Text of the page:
Artificial cells take shape
Bacterium-sized 'protein factories' are a step along the road to synthetic life.
Primitive cells similar to bacteria have been created by US researchers. These synthetic cells are not truly alive, because they cannot replicate or evolve. But they can churn out proteins for days, and could be useful for drug production, as well as advancing the quest to build artificial life from scratch.
Vincent Noireaux and Albert Libchaber of the Rockefeller University in New York have managed to package up some of the molecular machinery of a cell inside an artificial, bacterium-sized membrane. And they can perforate the membrane with holes that allow nutrients and energy-rich molecules to get into the cells from the surroundings.
These protocells contain all the machinery needed to generate proteins from their raw ingredients (amino acids), so they could be used as miniature factories, to produce proteins of industrial and medical value.
Such proteins, for example, insulin, are routinely produced by genetically engineered bacteria bred in fermentation vats. But artificial cells would make much simpler protein factories, perhaps more easily tailored to make specific products.
Mixing it up
Ready-made mixtures of all the biomolecules that a cell needs for protein production are commercially available, extracted from bacteria such as Escherichia coli. These mixtures can make specific proteins, but they stop working within about two hours unless they are continually fed with raw materials and cleaned of waste products.
To enclose this biomolecule mixture inside membranes like those of natural cell walls, Noireaux and Libchaber made microscopic droplets of the cell extract suspended in oil. Soap-like molecules called phospholipids then coated the surface of these droplets in the same way that emulsifying agents surround the droplets in a salad dressing, stopping them from coalescing.
The researchers then coated the droplets with a second layer of phospholipids, to form a double layer that looks just like the membrane of a real cell. They publish their results in the Proceedings of the National Academy of Sciences1.
To monitor the behaviour of their cells, Noireaux and Libchaber added DNA that encodes a fluorescent protein, so that as the cells produce it, they start to glow. Whereas the bare cell extract ran out of steam after two hours, wrapping the molecules in a membrane kept the system 'alive' for more than twice as long.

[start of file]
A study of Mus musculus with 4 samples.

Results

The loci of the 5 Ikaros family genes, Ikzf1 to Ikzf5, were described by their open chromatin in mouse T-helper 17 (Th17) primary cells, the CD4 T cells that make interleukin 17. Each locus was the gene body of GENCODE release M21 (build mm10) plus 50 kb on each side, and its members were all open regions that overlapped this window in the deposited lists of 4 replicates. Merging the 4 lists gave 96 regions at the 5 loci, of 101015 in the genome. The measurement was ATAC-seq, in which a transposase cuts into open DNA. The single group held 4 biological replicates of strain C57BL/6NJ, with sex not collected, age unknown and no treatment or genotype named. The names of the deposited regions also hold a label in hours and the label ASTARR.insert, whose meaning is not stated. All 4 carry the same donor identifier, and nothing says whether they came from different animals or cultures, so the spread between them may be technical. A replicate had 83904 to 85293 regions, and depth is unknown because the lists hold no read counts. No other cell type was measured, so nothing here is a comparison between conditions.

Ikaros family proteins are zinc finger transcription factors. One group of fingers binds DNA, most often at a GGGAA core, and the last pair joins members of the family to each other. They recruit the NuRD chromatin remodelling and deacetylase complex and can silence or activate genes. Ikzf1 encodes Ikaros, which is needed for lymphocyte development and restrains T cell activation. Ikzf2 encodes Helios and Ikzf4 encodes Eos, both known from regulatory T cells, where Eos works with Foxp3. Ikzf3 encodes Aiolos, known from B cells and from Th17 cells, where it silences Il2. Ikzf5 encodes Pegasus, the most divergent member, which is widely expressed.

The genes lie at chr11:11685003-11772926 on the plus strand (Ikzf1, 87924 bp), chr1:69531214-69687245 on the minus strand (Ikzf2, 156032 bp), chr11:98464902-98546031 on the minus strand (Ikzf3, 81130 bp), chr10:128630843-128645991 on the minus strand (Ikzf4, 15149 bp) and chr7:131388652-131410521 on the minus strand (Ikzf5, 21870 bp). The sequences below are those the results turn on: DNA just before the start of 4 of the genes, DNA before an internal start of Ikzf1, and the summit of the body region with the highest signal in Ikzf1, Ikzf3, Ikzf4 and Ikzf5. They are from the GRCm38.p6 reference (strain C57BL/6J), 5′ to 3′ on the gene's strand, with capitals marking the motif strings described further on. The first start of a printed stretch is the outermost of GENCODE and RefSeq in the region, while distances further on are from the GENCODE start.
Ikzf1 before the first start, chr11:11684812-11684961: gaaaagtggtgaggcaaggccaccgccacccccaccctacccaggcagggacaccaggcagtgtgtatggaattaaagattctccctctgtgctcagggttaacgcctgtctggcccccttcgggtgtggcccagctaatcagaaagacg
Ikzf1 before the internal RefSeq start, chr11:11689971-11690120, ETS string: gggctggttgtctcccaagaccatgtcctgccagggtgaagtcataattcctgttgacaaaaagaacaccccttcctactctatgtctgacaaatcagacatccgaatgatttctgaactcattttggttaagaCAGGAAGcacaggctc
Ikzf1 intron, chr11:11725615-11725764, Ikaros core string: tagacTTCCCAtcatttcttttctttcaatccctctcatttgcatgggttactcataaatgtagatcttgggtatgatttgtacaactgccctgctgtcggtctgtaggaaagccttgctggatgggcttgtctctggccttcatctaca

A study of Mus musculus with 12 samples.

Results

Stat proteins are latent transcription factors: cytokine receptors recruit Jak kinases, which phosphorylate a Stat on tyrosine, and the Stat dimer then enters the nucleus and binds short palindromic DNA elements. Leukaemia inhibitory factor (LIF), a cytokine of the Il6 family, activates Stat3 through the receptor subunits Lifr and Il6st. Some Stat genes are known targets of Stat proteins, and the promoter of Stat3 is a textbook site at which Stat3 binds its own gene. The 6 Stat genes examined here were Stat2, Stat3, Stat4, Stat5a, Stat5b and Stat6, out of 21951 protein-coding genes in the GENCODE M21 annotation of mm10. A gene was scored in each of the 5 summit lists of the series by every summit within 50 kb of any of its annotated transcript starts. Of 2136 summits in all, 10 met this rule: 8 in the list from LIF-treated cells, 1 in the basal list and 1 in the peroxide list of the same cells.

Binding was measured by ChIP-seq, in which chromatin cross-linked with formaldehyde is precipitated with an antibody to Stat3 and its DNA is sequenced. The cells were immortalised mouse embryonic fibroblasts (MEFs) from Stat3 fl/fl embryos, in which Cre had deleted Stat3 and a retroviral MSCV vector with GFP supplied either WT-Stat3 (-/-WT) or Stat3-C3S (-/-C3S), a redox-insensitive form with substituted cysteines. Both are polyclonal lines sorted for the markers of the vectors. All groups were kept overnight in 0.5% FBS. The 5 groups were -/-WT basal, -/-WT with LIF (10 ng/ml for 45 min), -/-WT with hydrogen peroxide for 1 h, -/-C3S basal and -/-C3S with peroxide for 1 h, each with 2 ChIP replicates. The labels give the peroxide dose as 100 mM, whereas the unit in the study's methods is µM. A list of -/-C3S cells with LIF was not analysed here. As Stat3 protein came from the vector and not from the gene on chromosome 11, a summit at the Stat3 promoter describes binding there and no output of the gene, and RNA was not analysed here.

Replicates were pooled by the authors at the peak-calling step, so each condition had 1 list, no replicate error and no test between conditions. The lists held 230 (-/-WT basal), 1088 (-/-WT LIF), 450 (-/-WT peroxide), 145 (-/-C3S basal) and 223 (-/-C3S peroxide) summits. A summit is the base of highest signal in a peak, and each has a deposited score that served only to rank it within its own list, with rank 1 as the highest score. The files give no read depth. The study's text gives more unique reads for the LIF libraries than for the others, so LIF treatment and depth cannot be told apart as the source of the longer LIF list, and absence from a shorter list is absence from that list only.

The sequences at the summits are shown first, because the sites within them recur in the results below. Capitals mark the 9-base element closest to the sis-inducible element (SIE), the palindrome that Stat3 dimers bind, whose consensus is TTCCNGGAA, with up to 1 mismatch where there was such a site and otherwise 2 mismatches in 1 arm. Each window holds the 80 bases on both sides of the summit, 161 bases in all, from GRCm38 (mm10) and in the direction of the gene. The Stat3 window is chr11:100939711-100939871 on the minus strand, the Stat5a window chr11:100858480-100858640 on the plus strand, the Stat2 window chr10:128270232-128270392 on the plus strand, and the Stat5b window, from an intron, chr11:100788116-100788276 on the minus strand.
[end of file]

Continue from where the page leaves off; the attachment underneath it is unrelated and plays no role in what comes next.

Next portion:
To get raw materials into the protocells from the surroundings, the researchers added a bacterial gene that encodes a protein called alpha-hemolysin. This protein has a hollow, barrel-shaped structure and it inserts itself into cell membranes to create pores. Once fitted with these molecular portals, the cells kept churning out the fluorescent protein for days.
The work is very clever, according to David Deamer, a chemist at the University of California, Santa Cruz, who has also tried to devise artificial protocells. "These guys are on the right track," he says. "It's a big step forward."
Noireaux and Libchaber are now working on fixing molecules to their protocell walls that will pinch the membranes together so that the cells can divide, as bacteria do. This could be the first step in making artificial cells that replicate.
Deamer says getting the cells to divide would be "spectacular", but adds that another big challenge is to enable the transcription and translation apparatus to make copies of itself, so that the new cells can both function like their 'parent'.
- Noireaux V. & Libchaber A. Proc. Nat. Acad. Sci. USA, advance online publication. doi:10.1073/pnas.0408236101 (2004).